Tablas Creek, a California vineyard, is delivering Rhône-inspired excellence with its delicious wines.

Getting into business with friends may make some people nervous, but for two men who were first industry colleagues, their evolution into friendship only made their business stronger.

It all started centuries ago across the Atlantic Ocean in France. Château de Beaucastel was founded by a noble, Pierre de Beaucastel, in the 1500s and has been a part of the Perrin family's history for five generations. The family patriarch, Jacques, elevated the Chateauneuf-du-Pape vineyard with his vision of organic farming and his interest in Mourvèdre.

On the other side of the world, another man, Robert Haas, started his wine journey when he began to visit international vineyards to establish relationships with producers and purchase wine for his family's store in New York. In the 60s, when he started to import wines from several of France's wine regions, including Burgundy, Bordeaux, and the Rhône Valley, he met Perrin, and their business relationship began to flourish.

A Little Bit of History

Napa Valley began creating its American Viticulture Areas (AVAs) in the 1980s, whereas Paso Robles, its neighbor to the south, more recently established its 11 sub-AVAs in 2014. Next time you pick up a Paso bottle check out the designation on the label, which could include any of a list of these sub-AVAs:  Adelaida, Creston, El Pomar, Paso Robles Estrella, Paso Robles Geneseo, Paso Robles Highlands, Paso Robles Willow Creek, San Juan Creek, San Miguel, Santa Margarita Ranch, and Templeton Gap.

While Napa Valley is nationally and internationally sought after and visited, Paso Robles takes more effort to reach, tucked into the state's central coast. The location and journey are part of what makes this area whimsical and enchanting. Whether you fly, train, or drive here, once you arrive, you'll encounter a sprawling wine country with more than 200 wineries on 40,000 vineyard acres.

With a variety of climates (rainfall ranges from 10-30 inches per year in different areas), Paso Robles has a variety of soils and elevations (700-2,400 feet), which in turn produces an exciting collection of wines.

The leading wines the area produces are Zinfandel (and blends), Cabernet Sauvignon (and Bordeaux-style blends), Rhône (Syrah, Grenache and Mourvèdre, and Viognier), Italian (Sangiovese, Nebbiolo, and Barbera) and unique single varietals (Albariño and Tempranillo). For the most part, Paso wines are fruit-forward and high in alcohol.

Now Back to the Friendship

After two decades of doing business, a friendship blossomed between the two families, and so they decided to look into establishing an American vineyard in California. In 1989 they landed in Paso Robles, a region they felt similarly mirrored the climate and soils at Château de Beaucastel – more specifically the area that's now within the Adelaida AVA.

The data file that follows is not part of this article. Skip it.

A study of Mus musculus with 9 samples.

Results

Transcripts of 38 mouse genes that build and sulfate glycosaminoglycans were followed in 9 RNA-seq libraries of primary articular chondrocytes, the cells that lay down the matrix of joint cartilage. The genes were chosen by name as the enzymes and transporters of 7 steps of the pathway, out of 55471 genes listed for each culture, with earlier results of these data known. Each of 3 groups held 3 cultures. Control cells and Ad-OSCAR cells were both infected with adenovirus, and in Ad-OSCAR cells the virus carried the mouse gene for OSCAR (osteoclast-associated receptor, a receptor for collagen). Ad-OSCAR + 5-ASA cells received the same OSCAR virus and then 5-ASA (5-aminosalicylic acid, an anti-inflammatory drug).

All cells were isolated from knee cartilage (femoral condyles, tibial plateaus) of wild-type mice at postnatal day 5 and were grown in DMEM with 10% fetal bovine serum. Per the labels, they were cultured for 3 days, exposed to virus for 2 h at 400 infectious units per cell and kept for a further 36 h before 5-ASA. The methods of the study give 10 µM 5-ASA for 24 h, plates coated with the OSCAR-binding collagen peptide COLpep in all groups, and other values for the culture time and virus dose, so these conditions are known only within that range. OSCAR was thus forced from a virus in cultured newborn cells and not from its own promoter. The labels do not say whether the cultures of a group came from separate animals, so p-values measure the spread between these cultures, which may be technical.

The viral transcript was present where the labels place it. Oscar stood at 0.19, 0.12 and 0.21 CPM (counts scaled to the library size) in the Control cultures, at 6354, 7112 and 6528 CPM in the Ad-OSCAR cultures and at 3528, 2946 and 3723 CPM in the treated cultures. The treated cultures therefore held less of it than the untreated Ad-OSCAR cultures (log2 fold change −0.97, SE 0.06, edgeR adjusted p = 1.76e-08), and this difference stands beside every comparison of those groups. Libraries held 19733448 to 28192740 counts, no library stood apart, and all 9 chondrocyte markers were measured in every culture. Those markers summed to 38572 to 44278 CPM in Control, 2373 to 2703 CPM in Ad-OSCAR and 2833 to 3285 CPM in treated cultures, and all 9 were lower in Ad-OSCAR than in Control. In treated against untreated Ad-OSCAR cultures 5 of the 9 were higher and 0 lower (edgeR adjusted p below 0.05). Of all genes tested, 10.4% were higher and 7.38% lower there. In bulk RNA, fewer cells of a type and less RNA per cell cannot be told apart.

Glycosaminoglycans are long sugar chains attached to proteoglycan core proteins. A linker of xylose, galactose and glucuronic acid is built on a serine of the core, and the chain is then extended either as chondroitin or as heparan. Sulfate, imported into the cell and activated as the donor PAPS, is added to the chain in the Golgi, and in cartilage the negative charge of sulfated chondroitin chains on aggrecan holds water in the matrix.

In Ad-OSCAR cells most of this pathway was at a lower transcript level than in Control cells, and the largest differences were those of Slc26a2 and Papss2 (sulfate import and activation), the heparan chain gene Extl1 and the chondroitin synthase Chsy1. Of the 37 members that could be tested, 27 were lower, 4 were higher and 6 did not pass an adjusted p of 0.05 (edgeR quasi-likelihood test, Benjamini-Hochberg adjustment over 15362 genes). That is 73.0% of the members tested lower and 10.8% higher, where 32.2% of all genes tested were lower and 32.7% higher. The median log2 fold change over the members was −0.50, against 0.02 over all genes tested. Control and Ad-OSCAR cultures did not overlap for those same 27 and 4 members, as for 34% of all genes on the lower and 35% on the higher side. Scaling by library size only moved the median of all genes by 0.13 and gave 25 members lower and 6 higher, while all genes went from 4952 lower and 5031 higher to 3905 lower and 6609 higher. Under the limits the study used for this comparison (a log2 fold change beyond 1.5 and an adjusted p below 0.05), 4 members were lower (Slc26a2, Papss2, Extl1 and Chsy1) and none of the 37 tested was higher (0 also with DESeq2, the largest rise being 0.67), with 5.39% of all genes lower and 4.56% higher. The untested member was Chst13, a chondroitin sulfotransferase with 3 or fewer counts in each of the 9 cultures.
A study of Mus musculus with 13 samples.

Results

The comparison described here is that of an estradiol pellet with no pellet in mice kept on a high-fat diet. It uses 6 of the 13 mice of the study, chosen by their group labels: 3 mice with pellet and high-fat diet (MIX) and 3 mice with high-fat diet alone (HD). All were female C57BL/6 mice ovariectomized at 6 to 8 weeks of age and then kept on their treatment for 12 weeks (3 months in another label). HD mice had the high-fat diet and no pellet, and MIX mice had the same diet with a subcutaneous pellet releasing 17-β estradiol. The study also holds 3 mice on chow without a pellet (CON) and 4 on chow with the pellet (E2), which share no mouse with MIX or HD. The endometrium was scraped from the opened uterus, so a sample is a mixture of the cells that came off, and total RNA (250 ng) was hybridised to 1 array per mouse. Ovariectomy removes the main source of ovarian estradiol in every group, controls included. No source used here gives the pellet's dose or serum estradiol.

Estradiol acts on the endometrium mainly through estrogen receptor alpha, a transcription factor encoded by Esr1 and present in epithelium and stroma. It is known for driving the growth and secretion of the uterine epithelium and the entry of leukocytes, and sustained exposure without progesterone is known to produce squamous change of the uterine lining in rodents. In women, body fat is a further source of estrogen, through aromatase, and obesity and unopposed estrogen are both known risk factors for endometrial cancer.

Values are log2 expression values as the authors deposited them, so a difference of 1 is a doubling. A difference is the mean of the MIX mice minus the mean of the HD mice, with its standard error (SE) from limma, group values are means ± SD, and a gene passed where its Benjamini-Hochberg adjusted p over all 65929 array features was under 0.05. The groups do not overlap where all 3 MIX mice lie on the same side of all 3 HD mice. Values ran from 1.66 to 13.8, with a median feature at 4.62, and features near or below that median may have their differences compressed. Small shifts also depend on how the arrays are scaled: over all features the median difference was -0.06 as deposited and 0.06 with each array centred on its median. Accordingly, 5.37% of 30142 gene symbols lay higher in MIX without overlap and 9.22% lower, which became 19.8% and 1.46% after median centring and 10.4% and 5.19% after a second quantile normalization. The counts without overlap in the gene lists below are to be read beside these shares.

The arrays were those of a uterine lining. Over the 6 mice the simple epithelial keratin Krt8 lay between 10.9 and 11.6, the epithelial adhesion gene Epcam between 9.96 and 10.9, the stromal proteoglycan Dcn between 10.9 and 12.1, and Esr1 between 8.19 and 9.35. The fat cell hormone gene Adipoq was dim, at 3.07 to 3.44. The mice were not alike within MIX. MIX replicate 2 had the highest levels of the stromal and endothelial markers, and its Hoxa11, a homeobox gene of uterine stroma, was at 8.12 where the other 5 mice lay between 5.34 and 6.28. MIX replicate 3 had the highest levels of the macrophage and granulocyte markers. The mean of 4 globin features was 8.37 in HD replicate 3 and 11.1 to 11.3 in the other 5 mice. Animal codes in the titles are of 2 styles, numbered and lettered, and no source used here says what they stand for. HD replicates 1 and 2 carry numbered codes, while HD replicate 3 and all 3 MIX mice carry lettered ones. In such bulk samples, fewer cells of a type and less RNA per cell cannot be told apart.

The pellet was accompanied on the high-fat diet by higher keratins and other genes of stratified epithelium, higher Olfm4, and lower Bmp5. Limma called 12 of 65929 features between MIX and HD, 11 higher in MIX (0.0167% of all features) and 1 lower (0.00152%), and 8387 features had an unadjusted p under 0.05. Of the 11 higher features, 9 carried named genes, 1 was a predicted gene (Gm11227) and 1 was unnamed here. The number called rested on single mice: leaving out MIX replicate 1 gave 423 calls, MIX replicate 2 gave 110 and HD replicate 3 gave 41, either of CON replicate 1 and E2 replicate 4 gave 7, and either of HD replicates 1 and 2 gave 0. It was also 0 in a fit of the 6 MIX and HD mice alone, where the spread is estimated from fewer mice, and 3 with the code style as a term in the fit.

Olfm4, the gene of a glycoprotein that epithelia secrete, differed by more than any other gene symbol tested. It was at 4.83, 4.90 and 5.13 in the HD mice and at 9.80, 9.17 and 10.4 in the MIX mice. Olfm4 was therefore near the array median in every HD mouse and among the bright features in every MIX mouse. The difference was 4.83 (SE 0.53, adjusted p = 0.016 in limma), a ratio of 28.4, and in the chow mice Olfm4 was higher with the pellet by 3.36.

In 1990, the families imported Mourvédre, Grenache Noir, Syrah, Counoise, Roussanne, Viognier, Marsanne, Grenache Blanc, and Picpoul Blanc so that their U.S. vines came from the same genetic source as their vines in France. In 1997 their debut vintage was released, and the rest is history.

Today, Tablas Creek continues to follow the traditional Chateauneuf-du-Pape wine-making techniques to produce deliciously balanced blends. The vineyard's production splits 50-35-15: 50% red, 35% white, and 15% rosé with a total of 30,000 yearly cases.

Every year the vineyard produces wines that fall into four categories. Esprit de Tablas are the flagship red and white blends selected from the top estate-grown lots. Cotes de Tablas are red and white Rhône estate-grown classics. Patelin de Tablas red, white, and rosé wines are made from neighboring Paso Robles Rhône-style vineyards with the red wines aged in French oak and the whites in stainless steel. And finally, the Limited Release small batch wines are available only to wine club members.

Like most Rhône varieties, Grenache tends to be a centerpiece, and Tablas Creek is no exception.  Its Grenache tends to be light, easy to drink with a slightly tannic but not overly dry finish. The wine is not too fruit-forward but certainly has hints of dark berry and dried fruit. Finally and not to be missed, its rare 100% expression of the Counoise grape, which tends to be a blending grape, is lightly aromatic and very unique--certainly worth a try.

Next time you find yourself in Paso Robles (or online) and buying some Tablas Creek from the winery or your favorite wine shop, make sure you've signed up for Grand Reserve Rewards—you'll earn rewards points on every purchase.